Originally home for monks of the Savignac order, Rushen Abbey soon came under Cistercian control and remained so until its dissolution. The abbey is located two miles from Castle Rushen, the politically most important site on the island in medieval times.

The abbey was founded in 1134, under Óláfr Guðrøðarson's control. He granted the land to Savignac monks from Furness Abbey. In 1147 the abbey came under Cistercian rule following the merging of the Savignac and Cistercian orders. The abbey church dedicated to St Mary was completed in 1257. The abbey was dissolved in the 16th century.

In 1853 the Isle of Man Government bought Rushen Abbey with the intention of turning it into a lunatic asylum, but it was never used for such a purpose, and in 1864 an Act was passed revoking the sale.

In the early 1900s, the abbey ruins became a popular tourist destination, famous for the strawberries and cream served in its gardens. After falling into disrepair after World War II, the abbey was acquired by Manx National Heritage in May 1998, and restorations have now been made. Soon afterwards, excavations began, and archaeologists discovered more about the monks' way of life and practices.

The abbey is now a heritage centre with a building containing artefacts and telling the history of Rushen Abbey and the surrounding area. The remains of the original abbey have been restored and walkways constructed to allow visitors to get a close look. Between April and October the abbey is open to the public and an admission fee is payable. Before accessing the abbey gardens, visitors must walk through a museum that explains the role of the abbey. There is interactive, audio and video material available. At the end of the exhibition, there is an area designed for children, allowing them to build an arch and discover the monastery's history in a way that is more appealing to them.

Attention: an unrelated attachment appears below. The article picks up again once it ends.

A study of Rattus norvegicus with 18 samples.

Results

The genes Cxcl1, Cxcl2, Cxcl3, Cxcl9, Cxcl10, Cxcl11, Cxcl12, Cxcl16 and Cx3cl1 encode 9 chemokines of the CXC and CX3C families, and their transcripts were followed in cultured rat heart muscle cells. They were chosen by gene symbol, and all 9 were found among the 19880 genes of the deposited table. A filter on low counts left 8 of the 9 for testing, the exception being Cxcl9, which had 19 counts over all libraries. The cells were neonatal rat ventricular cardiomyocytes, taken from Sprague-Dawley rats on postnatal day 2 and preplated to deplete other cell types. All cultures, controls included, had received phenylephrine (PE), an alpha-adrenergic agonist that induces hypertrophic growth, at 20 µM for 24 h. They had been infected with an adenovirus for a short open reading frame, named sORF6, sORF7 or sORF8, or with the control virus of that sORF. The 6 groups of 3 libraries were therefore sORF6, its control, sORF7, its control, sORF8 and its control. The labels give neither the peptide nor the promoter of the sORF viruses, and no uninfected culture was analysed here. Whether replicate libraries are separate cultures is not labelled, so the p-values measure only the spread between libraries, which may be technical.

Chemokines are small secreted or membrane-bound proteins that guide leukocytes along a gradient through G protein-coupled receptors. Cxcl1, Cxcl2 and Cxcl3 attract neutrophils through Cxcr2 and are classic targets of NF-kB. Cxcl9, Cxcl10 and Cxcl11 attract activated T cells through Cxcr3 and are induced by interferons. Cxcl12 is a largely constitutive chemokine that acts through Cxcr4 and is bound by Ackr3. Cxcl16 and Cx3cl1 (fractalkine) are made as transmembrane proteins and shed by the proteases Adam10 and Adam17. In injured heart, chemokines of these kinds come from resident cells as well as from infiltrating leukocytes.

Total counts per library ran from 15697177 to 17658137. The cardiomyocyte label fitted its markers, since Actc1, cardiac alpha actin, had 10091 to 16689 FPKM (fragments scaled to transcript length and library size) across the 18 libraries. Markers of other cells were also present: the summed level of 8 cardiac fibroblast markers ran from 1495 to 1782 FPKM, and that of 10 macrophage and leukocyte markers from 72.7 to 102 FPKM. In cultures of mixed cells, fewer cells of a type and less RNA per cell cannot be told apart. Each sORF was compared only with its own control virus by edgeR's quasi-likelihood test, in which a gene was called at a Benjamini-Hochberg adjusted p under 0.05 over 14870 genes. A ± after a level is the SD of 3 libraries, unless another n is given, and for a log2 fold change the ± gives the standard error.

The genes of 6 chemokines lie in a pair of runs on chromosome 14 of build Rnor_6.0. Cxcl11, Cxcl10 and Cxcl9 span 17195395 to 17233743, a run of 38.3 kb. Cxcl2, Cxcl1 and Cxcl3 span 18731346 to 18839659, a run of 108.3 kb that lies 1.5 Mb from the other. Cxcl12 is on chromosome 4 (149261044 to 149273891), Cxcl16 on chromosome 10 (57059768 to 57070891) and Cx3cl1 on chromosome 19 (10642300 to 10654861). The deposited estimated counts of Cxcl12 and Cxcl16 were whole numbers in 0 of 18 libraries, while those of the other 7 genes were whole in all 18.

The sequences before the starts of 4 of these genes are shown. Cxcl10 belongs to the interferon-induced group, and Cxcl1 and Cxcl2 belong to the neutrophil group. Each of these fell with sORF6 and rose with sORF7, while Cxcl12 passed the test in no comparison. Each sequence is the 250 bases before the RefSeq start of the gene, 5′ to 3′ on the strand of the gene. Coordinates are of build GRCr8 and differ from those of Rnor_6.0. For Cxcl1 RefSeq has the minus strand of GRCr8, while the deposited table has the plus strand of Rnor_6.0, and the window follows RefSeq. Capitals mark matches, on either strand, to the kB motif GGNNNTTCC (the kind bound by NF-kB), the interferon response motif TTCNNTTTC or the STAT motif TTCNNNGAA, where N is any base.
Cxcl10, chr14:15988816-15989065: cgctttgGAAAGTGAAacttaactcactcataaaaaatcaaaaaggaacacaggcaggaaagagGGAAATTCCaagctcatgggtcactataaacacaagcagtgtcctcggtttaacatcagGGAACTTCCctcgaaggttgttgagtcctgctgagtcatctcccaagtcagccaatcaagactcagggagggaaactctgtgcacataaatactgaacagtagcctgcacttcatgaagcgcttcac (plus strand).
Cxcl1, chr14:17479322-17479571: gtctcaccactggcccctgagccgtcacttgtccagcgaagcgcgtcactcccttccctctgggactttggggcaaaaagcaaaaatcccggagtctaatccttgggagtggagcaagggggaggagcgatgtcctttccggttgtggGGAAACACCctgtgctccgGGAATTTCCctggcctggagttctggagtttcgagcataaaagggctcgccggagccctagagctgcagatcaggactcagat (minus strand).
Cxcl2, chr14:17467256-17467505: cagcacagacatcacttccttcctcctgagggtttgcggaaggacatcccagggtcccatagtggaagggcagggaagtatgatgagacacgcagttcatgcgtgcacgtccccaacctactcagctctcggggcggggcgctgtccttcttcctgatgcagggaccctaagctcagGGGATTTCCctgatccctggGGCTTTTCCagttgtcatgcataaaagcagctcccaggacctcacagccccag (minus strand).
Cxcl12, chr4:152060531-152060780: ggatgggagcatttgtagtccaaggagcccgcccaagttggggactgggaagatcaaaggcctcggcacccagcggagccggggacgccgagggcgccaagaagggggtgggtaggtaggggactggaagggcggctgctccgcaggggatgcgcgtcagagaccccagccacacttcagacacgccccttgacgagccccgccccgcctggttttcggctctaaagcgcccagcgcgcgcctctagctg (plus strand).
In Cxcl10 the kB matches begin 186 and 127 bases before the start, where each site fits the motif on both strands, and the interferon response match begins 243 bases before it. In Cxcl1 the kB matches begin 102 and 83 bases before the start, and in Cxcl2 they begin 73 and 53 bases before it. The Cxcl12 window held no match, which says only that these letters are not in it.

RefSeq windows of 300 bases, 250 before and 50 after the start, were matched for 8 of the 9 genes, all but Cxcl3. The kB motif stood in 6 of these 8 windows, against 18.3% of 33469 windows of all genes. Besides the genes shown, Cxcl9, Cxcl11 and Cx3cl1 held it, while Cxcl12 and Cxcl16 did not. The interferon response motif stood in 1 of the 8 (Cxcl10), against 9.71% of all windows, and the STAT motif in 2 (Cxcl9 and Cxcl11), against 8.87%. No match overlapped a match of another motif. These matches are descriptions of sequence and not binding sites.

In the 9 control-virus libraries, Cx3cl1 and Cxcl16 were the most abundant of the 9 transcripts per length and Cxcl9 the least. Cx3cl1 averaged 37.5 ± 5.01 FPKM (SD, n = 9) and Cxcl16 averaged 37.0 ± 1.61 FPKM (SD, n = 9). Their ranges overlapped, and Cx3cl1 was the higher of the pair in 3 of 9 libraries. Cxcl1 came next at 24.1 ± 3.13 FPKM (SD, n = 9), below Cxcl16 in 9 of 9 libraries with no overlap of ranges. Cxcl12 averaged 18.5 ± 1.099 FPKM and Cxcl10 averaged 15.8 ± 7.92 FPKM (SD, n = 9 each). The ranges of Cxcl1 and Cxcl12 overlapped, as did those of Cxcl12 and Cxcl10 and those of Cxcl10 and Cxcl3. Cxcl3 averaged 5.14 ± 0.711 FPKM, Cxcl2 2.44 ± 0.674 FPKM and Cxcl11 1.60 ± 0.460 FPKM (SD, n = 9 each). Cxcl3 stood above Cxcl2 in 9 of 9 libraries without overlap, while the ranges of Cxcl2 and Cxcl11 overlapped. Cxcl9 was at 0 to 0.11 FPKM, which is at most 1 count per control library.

The Chronicle of Mann was compiled at Rushen Abbey, as were many other important documents relating to the island. The abbey is significant in this respect, as it would have been the centre of knowledge and literacy on the island.

Monks from Rushen Abbey would sometimes have farms in the north of the island. A packhorse bridge was built in around 1350 to allow the monks to cross the nearby Silverburn River. Known today as The Monks' Bridge (or The Crossag), it is one of few surviving packhorse bridges in the British Isles.


Castle Rushen is located in the Isle of Man"s historic capital, Castletown. The castle is amongst the best examples of medieval castles in the British Isles, and is still in use as a court house, museum and educational centre.

The exact date of castle is unknown, although construction is thought to have taken place during the reigns of the late 12th century and early 13th century rulers of the Isle of Man – the Kings of Mann and the Isles. The original Castle Rushen consisted of a central square stone tower, or keep. The site was also fortified to guard the entrance to the Silver Burn. From its early beginnings, the castle was continually developed by successive rulers of Mann between the 13th and 16th century. The limestone walls dominated much of the surrounding landscape, serving as a point of dominance for the various rulers of the Isle of Man. By 1313, the original keep had been reinforced with towers to the west and south. In the 14th century, an east tower, gatehouses, and curtain wall were added.

After several more changes of hands the English and their supporters eventually prevailed. The English king Edward I Longshanks claimed that the island had belonged to the Kings of England for generations and he was merely reasserting their rightful claim to the Isle of Man.

The 18th century saw the castle in steady decay. By the end of the century it was converted into a prison. Even though the castle was in continuous use as a prison, the decline continued until the turn of the 20th century, when it was restored under the oversight of the Lieutenant Governor, George Somerset, 3rd Baron Raglan. Following the restoration work, and the completion of the purpose-built Victoria Road Prison in 1891, the castle was transferred from the British Crown to the Isle of Man Government in 1929.

Today it is run as a museum by Manx National Heritage, depicting the history of the Kings and Lords of Mann. Most rooms are open to the public during the opening season (March to October), and all open rooms have signs telling their stories. The exhibitions include a working medieval kitchen where authentic period food is prepared on special occasions and re-enactments of various aspects of medieval life are held on a regular basis, with particular emphasis on educating the local children about their history. Archaeological finds made during excavations in the 1980s are displayed and used as learning tools for visitors.